Teen with autism encourages others on the spectrum

HOUSTON – Marshall Jones is 14 years old. He likes making lattes, wearing bow ties and he's autistic.

When asked what he wants other kids with autism to know, he said, “You don't have to struggle with your life if you can't work your brain out.”

He explains he sometimes gets frustrated when he can't do something, but his mother, Lynn Clouser, focuses on how far he's come.

“He's doing so many things independently and that's only because I’ve put in the work,” Clouser explained. “Parents that get the diagnosis, I say if you're not tired in the beginning, you're not doing enough.”

She encourages families to enroll in speech therapy and specialized schools, since that’s what made a dramatic difference in Marshall’s life.

Marshall currently attends Launch Academy in Sugar Land.

For families on the spectrum, Clouser said the biggest challenge is by far the cost.

“Autism is expensive! It's really expensive. Especially if you're giving a child what they really, really need and you're being proactive,” Clouser said. “Your co-pays, your doctor visits, your medications, your private schooling, your respite care, you name it, but it comes with the journey.”

With this month being Autism Awareness Month. Clouser is using it as a time to call businesses and encourage them to include kids on the spectrum in their services. For example, she got Nordstrom at the Galleria to host a shoe-tying event for people on the spectrum.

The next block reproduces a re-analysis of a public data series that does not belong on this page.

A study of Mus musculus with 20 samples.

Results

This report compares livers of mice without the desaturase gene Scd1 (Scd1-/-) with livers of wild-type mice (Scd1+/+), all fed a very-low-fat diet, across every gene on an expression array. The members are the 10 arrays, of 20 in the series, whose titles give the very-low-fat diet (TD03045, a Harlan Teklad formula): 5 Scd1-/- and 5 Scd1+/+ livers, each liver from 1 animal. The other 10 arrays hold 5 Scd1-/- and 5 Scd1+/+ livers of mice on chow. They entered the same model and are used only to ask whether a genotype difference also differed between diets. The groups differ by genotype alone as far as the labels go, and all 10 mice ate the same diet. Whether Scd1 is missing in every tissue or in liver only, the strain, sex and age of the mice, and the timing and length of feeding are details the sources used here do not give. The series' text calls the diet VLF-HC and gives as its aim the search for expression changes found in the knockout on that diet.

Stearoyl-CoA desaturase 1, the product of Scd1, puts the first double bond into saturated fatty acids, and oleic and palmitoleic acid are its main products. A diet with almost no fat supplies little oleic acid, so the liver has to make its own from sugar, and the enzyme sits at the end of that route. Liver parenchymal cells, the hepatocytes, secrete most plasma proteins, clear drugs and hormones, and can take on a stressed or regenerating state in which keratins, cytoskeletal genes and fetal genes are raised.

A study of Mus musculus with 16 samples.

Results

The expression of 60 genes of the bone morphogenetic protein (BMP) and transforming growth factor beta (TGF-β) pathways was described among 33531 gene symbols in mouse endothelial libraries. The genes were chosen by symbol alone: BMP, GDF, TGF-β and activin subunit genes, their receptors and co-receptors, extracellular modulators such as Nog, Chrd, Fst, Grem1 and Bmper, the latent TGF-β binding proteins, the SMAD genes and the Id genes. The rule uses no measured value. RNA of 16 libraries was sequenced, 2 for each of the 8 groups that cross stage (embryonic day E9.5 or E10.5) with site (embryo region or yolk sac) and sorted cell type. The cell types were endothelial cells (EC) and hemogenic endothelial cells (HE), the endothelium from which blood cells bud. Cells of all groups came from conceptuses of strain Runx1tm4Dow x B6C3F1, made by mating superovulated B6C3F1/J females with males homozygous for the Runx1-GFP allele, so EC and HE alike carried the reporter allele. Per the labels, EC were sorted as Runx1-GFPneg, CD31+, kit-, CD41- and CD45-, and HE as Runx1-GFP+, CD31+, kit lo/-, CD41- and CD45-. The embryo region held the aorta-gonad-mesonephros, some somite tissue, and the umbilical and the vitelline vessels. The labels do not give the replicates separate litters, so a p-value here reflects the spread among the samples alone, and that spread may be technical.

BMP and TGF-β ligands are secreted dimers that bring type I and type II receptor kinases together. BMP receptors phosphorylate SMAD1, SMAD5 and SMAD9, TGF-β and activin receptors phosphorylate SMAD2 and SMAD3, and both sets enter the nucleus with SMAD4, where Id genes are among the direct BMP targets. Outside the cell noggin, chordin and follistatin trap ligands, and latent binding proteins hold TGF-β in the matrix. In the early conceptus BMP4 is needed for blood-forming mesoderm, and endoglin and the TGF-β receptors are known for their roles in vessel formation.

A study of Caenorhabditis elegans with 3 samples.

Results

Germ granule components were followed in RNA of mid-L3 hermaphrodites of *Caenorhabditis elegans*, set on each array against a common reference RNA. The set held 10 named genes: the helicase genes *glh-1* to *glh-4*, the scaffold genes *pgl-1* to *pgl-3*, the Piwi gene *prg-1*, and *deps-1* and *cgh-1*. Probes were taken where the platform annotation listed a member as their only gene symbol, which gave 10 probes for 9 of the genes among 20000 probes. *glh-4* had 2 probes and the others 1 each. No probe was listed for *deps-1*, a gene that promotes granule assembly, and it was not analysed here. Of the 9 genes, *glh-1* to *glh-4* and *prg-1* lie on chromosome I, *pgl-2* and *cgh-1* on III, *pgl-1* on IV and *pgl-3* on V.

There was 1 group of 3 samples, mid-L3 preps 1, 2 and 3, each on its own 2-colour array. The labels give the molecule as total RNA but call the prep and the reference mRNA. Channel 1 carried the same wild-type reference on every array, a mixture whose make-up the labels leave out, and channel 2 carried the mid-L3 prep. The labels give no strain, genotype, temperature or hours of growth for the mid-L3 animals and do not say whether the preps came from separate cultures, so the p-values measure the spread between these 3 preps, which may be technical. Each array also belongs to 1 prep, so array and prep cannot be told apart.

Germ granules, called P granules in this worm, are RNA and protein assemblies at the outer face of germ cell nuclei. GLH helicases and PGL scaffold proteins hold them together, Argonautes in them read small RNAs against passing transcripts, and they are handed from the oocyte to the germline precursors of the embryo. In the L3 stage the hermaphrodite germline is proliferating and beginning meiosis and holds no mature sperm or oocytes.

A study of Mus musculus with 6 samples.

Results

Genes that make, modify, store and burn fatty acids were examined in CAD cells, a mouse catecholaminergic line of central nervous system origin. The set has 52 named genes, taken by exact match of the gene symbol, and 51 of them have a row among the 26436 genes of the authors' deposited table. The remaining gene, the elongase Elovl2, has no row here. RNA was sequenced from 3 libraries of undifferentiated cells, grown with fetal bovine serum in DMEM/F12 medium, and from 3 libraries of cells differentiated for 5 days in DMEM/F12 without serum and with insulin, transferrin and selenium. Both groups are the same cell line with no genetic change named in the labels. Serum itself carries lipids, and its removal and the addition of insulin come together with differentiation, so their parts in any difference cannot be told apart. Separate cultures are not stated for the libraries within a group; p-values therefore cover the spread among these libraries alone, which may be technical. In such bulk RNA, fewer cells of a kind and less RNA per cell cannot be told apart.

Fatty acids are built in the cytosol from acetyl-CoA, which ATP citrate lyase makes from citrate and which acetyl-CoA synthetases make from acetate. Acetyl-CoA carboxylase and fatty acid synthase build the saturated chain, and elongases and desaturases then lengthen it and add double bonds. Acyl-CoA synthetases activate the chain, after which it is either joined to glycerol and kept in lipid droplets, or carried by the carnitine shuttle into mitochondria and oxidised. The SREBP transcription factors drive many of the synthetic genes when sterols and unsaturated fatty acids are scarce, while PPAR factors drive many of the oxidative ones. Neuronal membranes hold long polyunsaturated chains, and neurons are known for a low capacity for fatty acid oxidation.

“Marshall, with his delay in fine motor skills, it was tougher for him. In fact, his friends were tying his shoes and I was embarrassed for him when he was in third and fourth grade,” she said about Marshall taking longer than other kids to learn to tie his shoes.

Now, he doesn't just know how to tie his shoes... He can do all kinds of things! At Launch Academy, he makes coffee and lattes and sells them through a school program. He even has an ambitious goal for the next year.

“This year I want to start my own bow tie business!” Marshall said.

His love of fashion will serve his future well, and in the meantime, for anyone just dealing with a diagnosis, he says “Anyone with autism can be not perfect but special."

The shoe tying event at the Galleria Nordstrom is on April 27 from 8 a.m. to 9:30 a.m. It will be in the children's shoe department and is free for people on the spectrum.

To learn more about everything from financial hurdles, navigating insurance, which schools offer services and a lot more visit the Parent's Guide to Autism at Click2houston.com/health/a-parent-s-guide-to-autism-from-kprc2.